Eyup...because they cost less.
With job depression affecting education as much as any job, community colleges are able to get a lot of great teachers who need jobs. You get Phd's actually teaching the classes vs. grad student teachers at the big university teaching the core 1st and 2nd year courses.
You get the basic freshmen and sophomore classes done at a community college and then move on to the more costly state university to graduate. You get the same state university degree and you save a lot of money. It looks good on your resume as it shows commitment, planning, financial sense and motivation that employers will find attractive.
Community colleges have more flexible class schedules so if you need to work (or ski) you can do that, putting away money for the higher cost state school.
Not a bad idea but also not great for everyone. I think at_nyc nailed it in saying that community colleges aren't necessarily good for kids with little to no direction. They'd be better served by having access to the full spectrum of degrees and courses from the very beginning so they can better figure out what they want to major in.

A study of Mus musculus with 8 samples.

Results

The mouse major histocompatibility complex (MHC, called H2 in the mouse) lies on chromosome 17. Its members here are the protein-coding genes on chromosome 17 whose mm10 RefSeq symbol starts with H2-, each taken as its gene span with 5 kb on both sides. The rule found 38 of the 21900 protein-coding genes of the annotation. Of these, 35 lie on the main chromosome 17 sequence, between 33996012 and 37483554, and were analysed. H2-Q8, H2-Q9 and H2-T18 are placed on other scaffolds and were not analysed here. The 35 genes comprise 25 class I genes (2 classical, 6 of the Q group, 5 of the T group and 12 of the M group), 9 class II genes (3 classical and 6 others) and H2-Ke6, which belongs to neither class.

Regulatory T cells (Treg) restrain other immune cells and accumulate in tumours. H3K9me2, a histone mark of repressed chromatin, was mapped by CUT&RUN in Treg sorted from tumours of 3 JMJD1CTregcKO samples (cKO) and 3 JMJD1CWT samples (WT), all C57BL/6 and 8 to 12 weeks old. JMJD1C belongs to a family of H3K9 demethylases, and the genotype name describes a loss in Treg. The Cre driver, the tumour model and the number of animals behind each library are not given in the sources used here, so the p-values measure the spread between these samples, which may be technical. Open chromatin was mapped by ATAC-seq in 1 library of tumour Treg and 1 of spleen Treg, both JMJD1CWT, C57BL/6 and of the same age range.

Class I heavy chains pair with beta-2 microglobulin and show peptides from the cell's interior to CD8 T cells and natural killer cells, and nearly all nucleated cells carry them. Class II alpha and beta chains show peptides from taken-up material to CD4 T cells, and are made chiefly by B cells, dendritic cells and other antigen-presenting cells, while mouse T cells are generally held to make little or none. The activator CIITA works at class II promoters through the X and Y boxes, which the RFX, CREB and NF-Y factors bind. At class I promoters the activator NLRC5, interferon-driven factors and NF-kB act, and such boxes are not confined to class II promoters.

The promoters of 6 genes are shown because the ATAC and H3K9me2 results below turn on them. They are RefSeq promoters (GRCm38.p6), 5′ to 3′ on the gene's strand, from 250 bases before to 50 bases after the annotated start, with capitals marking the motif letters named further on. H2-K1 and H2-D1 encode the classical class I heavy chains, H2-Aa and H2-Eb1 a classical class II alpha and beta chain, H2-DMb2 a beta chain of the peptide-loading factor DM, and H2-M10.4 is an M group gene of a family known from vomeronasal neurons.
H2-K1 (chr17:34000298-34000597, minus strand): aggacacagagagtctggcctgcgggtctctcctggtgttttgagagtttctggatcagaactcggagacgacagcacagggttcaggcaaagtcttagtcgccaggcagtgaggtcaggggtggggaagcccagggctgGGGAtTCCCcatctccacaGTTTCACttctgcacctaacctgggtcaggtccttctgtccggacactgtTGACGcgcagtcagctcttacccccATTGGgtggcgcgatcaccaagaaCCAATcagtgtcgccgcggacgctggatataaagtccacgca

Where I went to college (in a large state university that was affordable at the time, just as you suggested), business degrees were part of a separate school that you had to apply separately to by the end of your freshman or sophomore year. I believe there were other degrees and sub-schools like that, too. So if you went to community college and realized that you wanted to pursue a business degree at the flagship state university, you'd be out of luck or end up having to go to school longer, which obviously isn't saving you any money.